I recently came across a quote from Winston Churchill that has got me thinking. In the quote he said, “courage is the first of human qualities, because it is the quality that guarantees all others.”

Courage is one of those unique qualities that so often does not show itself until it is most needed. I thought John McCain did a good job of describing this unique quality of courage in his book, Why Courage Matters. It is a book worth reading if you haven’t. In the book McCain gives example after example where people of ordinary persona did extraordinary things when put into situations that required them to step up. His premise is that often we don’t even know the metal of which we are made of until we are forced to step up in a time of crisis.

But I wonder if courage is really so slippery a quality that it randomly comes up in the lives of people who we might otherwise dismiss as self-serving in other incidents?

Although it is true that courage can rise unexpectantly in very average people as McCain stated, I am not sure that it is as random of a characteristic as one might think on first glance.

If I understand the trait correctly it seems to arise from a value tree that says there are things in this life that are more important than one’s own safety. It would seem to me that this value system has to be in place long before it is tested in the heat of the situation. Naturally it can be long buried, or in some cases not even thought through consciously, but still it lies buried, awaiting implementation. I think it can also  be caught from those around us, much like a virus might be caught. Aren’t even our genes and our parents’ examples, often the main source of our value system; and can’t they lie dormant within us until the time of testing?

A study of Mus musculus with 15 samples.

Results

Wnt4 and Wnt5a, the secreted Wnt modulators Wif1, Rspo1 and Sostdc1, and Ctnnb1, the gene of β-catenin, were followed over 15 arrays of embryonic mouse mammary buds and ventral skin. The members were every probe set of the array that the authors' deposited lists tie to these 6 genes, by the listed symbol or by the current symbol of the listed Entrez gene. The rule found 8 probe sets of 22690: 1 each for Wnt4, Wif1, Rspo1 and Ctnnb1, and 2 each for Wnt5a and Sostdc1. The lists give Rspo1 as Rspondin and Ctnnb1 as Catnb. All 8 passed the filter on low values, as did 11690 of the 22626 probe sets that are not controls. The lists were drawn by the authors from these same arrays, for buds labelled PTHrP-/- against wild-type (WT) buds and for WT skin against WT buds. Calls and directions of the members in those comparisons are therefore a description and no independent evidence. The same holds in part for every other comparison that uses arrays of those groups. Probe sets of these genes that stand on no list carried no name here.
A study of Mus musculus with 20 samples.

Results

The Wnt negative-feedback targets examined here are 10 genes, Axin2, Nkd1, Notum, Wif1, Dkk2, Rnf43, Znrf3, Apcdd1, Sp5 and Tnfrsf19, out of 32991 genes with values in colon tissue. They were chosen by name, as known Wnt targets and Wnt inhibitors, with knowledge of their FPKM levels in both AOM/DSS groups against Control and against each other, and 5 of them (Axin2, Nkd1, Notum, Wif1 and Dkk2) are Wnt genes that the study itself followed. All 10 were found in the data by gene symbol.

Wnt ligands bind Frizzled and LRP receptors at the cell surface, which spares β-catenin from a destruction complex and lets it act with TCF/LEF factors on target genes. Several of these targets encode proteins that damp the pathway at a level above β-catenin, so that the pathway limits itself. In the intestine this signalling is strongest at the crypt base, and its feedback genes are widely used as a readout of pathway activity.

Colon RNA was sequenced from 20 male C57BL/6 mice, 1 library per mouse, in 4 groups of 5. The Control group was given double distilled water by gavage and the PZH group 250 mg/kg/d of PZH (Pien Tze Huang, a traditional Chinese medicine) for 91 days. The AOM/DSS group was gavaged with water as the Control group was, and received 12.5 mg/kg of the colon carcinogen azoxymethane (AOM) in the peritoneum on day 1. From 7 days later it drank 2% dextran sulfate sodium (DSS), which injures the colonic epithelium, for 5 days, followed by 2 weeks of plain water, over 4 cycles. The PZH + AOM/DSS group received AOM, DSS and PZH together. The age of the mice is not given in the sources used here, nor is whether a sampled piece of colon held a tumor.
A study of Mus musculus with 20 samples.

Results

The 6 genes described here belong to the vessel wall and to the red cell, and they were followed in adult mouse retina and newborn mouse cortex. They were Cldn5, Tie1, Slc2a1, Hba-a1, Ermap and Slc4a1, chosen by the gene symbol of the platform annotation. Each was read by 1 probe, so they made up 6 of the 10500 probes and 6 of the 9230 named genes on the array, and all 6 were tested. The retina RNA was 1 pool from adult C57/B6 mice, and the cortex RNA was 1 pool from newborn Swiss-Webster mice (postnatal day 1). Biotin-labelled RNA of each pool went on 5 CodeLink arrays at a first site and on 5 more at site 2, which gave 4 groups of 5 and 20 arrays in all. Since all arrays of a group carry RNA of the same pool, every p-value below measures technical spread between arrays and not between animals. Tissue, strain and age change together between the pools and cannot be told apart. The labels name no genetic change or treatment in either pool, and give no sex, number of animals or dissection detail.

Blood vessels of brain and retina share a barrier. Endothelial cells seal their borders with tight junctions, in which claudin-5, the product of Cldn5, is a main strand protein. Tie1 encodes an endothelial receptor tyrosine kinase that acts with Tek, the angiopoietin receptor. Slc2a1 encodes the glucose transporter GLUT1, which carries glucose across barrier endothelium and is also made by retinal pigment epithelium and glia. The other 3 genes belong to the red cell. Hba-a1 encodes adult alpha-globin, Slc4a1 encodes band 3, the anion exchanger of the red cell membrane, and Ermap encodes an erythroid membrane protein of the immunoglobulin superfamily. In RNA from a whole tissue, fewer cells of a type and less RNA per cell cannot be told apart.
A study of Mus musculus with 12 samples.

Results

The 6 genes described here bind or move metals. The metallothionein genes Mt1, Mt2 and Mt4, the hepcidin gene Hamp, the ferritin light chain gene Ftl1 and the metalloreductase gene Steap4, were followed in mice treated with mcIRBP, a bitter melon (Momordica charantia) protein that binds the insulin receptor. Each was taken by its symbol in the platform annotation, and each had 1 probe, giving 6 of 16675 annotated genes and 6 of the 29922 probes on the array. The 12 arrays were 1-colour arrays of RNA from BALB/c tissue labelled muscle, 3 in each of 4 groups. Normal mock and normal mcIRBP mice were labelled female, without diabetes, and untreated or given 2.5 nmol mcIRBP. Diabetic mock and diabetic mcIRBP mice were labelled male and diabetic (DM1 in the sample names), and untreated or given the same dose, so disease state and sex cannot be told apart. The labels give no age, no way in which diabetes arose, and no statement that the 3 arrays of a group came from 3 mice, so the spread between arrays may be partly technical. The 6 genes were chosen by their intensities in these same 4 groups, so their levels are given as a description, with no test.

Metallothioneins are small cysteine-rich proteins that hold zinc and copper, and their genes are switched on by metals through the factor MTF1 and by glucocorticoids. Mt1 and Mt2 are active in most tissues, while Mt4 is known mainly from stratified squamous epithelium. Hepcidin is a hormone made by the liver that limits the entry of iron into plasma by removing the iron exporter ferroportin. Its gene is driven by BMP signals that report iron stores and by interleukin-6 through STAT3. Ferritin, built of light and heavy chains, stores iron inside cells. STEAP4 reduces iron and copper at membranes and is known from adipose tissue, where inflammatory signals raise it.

Like a plant yet to break the surface these values must lie in wait, taking root within us: otherwise, I don’t think normal, rational people will put their own safety second to anything else.

You may have heard the saying, “courage is not the absence of fear, rather it is acting in spite of it”.

This tells us courage is not a natural response for most people. So, what is this thing that can supplant fear?

The Bible tells us “that perfect love will cast out fear”. There are certainly many examples of this that we can all think of, such as when a parent risks everything to save their child. This seems natural to most of us and it speaks to the value system that is planted within many of us. It gets harder to understand when we hear of examples of random people doing heroic things for complete strangers. If you have ever read The Reader’s Digest, you know of the type of stories of which I am talking about. These stories speak of an unusual courage and can leave one wondering how we might act in a similar situation. I believe we wonder because most of us don’t know precisely what our own value system is until it is tested… let alone that of those around us.

As true as that may be, I do not think we are left completely to “grow” this trait within us, we can en-courage not only our own values, but also those who are around us – as mentioned earlier. Often, we gain courage from hearing of examples of it, such as from our parents, who display courage in their everyday lives

Hence, en-couraging others may be the fuel that corrects the otherwise flawed value system which we are all born with. Although we don’t understand it completely, we know deep down within us that great courage in the face of insurmountable odds, is not a random event.